Kokopelli (pronounced Cocoa-pelly most often, though it may vary by tribe) is a spiritual, mythological being.
He belongs to The Pueblo Peoples of the Southwestern United States.
Pueblo is an umbrella term for the several tribes who were the original inhabitants of the area before colonialism.
They were also the original architects behind the adobe homes that have inspired the popular styles in the southwest states today.
In fact, the reason these tribes are known as “Pueblo Peoples” is that they called a grouping of these adobe homes a “pueblo,” referring to the village.
Though they have historically been under pressure to assimilate to Spanish and Anglo influences and lifestyles, the peoples have managed to keep up many of the ancient traditions that are unique to their culture.
Kokopelli is part of this landscape.
Interestingly enough, after years of the Pueblo Peoples having to protect these traditions from being erased, now there are many settlers who want to claim these traditions for themselves!
Who is Kokopelli?
Kokopelli is a funky looking little guy, so it’s no wonder people enjoy having Kokopelli tattoos or artwork around.
He is a simplistic, stick figure style character with a hunched back.
He has several long antennae coming out of his head in a kind of mo-hawk shape.
This visual has the feeling of long hair that seems to be standing up or blowing in the wind.
He is playing a flute, and is often surrounded with music notes.
Though he is a simple to draw figure, every depiction of him is infused with life and movement.
Sometimes Kokopelli’s hunched back is a backpack, and it is in this luggage that he carries his seeds.
Kokopelli, similar to the Pagan figure Pan, is a fertility God.
He leads people with his flute song and they follow, but he is not seducing them into evil or death as in the tale of the pied piper- quite the opposite!
Kokopelli is leading his followers from the quiet contemplation of winter to the rowdy, sunny, sexual nature of spring.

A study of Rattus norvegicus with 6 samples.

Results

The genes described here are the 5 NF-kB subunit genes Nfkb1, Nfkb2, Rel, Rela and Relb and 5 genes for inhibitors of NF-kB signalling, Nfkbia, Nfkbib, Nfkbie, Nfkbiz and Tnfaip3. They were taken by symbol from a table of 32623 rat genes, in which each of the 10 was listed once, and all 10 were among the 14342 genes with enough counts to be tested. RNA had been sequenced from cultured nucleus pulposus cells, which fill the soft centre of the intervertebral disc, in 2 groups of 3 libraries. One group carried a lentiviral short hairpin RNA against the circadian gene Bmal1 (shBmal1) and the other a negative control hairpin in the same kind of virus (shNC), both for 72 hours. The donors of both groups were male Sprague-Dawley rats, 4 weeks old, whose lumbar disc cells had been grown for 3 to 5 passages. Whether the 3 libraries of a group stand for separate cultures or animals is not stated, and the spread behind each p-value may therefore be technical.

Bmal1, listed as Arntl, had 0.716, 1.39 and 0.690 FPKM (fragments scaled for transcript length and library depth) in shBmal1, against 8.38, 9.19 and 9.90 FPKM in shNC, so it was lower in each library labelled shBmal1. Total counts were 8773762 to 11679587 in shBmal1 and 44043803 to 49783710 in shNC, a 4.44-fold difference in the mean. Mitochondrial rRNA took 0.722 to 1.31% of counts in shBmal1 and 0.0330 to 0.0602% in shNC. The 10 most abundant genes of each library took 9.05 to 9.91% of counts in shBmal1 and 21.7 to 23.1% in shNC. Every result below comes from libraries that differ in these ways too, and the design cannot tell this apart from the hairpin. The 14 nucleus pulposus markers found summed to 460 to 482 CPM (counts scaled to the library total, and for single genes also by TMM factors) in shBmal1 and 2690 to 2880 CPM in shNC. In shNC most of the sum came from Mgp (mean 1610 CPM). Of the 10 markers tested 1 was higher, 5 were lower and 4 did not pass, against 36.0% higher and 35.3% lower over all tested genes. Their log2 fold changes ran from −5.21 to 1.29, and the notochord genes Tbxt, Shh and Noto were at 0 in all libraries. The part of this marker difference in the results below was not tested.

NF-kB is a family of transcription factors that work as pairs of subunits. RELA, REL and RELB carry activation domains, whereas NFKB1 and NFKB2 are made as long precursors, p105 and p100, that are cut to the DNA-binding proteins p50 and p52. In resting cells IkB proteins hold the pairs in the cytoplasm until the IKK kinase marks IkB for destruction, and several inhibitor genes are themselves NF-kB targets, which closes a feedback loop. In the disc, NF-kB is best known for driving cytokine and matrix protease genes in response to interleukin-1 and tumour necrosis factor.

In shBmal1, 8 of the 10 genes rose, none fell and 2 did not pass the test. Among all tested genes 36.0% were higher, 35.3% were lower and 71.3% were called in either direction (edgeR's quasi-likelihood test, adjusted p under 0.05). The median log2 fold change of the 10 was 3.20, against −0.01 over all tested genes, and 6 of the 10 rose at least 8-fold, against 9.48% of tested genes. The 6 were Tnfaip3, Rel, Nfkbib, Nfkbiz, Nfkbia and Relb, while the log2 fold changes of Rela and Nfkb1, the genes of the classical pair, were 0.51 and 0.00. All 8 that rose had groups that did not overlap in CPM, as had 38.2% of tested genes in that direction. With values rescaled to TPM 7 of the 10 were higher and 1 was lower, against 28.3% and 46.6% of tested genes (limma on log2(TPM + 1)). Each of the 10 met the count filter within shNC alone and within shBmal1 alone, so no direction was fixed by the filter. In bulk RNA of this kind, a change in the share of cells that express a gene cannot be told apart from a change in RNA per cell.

Kokopelli brings the earth to life again.
Legends of Kokopelli
Kokopelli belongs to a few tribes, so there are many fun stories and legends associated with his image.
Similar to Dionysus in Greek mythology, Kokopelli’s presence can be felt at any lively gathering.
Though the Puritans who eventually settled in America gave people ideas about sexuality and lively behavior being sinful- this was never the case in more ancient traditions.
Kokopelli encourages you to enjoy your body and party down- responsibly and respectfully of course.
There are some young women who fear Kokopelli, however, because he does carry unborn children (like seeds, but human!) on his back.
If a young girl wasn’t careful with all this partying and sexual expression, she may be surprised with one of these Kokopelli babies.
Being the busy, bursting with energy deity that he is- Kokopelli didn’t just preside over crops and human reproduction.
He is also associated with animals- particularly sun loving lizards and snakes or game animals.
What Does a Kokopelli Tattoo Mean?
Kokopelli can be a nice tattoo for someone who is starting a new venture, walking away from a bad habit, or starting an exciting new venture.
Because of his associations with spring he is a symbol of life and renewal.
Because of his associations with fertility, he could also be a nice tattoo for a mother or father.
Common Themes in Kokopelli Tattoos
Flute: Kokopelli just isn’t Kokopelli without his magic flute! If you haven’t caught on yet- this is definitely a phallic symbol. In some drawings, Kokopelli’s flute is actually his erection! Pretty impressive… Joking aside- though Kokopelli is a sexual creature he is a sacred one as well. So he shouldn’t be depicted in a vulgar, aggressive or silly way.
Sun: Kokopelli is often paired with other symbols, a sun being a natural companion to his springtime attitude!
Ram: Sometimes there is a ram’s head nearby in a Kokopelli tattoo because of his association with game animals. Rams specifically are symbols of increase- so they are compatible with the fertility theme.
Turtle: Because of his hunched back, Kokopelli is sometimes depicted as a turtle, who represents water. Because water is so precious in these hot areas of the world, the turtle is an extremely sacred symbol.
Word of Warning
Kokopelli is a trickster character!
So to invite him into your life with a tattoo can invite a certain amount of unpredictability and chaos- especially if you don’t have the proper respect for him or the Pueblo Peoples.